Indonesia left 12-member group because it was no longer a net oil exporter.

By
Daniel J. Graeber
Iran supports Indonesian bid to rejoin OPEC after six-year absence. Photo courtesy of SHANA/Hasan Hosseini.
Iran supports Indonesian bid to rejoin OPEC after six-year absence. Photo courtesy of SHANA/Hasan Hosseini.

TEHRAN, Oct. 15 (UPI) -- The Iranian government welcomes the eventual return of Indonesia to the Organization of Petroleum Exporting Countries, Iran's oil minister said.

Indonesia in September submitted a request to reactivate its membership in OPEC.


Iran's oil minister welcomed his Indonesian counterpart, Sudriman Said, to the capital to discuss how the two re-emerging producers can work together. Zangeneh said Iran is interested in working with Indonesia in the crude oil and liquefied natural gas markets.

According to the U.S. Energy Information Administration, natural gas production in Indonesia increased by more than 20 percent in the decade ending in 2012. The country exports about half its natural gas and is one of the largest exporters of LNG in the world.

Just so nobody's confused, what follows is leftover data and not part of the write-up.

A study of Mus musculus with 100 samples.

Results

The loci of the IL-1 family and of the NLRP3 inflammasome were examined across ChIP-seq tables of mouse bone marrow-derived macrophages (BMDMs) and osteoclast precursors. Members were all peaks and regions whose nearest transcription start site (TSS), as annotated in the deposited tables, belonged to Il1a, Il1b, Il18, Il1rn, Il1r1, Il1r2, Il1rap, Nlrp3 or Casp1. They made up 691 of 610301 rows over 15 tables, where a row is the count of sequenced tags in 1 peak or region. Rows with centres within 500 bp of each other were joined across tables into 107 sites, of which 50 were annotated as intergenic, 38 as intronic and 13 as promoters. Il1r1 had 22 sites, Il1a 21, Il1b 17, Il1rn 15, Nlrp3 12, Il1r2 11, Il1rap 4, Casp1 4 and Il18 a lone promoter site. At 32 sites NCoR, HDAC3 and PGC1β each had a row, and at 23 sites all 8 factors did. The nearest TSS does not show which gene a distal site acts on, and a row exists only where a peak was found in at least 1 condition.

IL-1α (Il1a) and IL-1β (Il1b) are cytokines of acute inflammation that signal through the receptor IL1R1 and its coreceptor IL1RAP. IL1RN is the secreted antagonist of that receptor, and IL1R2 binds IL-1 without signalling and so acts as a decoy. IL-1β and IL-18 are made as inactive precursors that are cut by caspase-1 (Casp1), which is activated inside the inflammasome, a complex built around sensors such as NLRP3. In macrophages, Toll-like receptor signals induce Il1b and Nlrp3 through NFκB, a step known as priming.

Italian energy company Eni and its partners at French energy company Engie, formerly GDF Suez, and its Indonesian partners signed a deal to purchase and sell up to 1.4 million tons of LNG per year from the Jangkrik complex starting in 2017. Eni is among the companies eyeing a return to the Iranian energy sector.


"Indonesia can also invest in Iran's oil, gas and petrochemical projects," Iran's oil minister said. "Indonesia is developing and progressing, and both countries enjoy mutual capabilities to be activated."

Before leaving for Iran, the Indonesian oil minister said it was "very important" to interact with potential trading partners as it works to rejoin the 12-member production group. He said the country aims to make a future petition to join the western-backed International Energy Agency as well.

Sanctions pressures are easing on Iran, through investments may by inhibited by economic obstacles in the country. White House spokesman Josh Earnest said Iran was still engaging in "destabilizing" activity on the international stage that made it a persistent target for sanctions.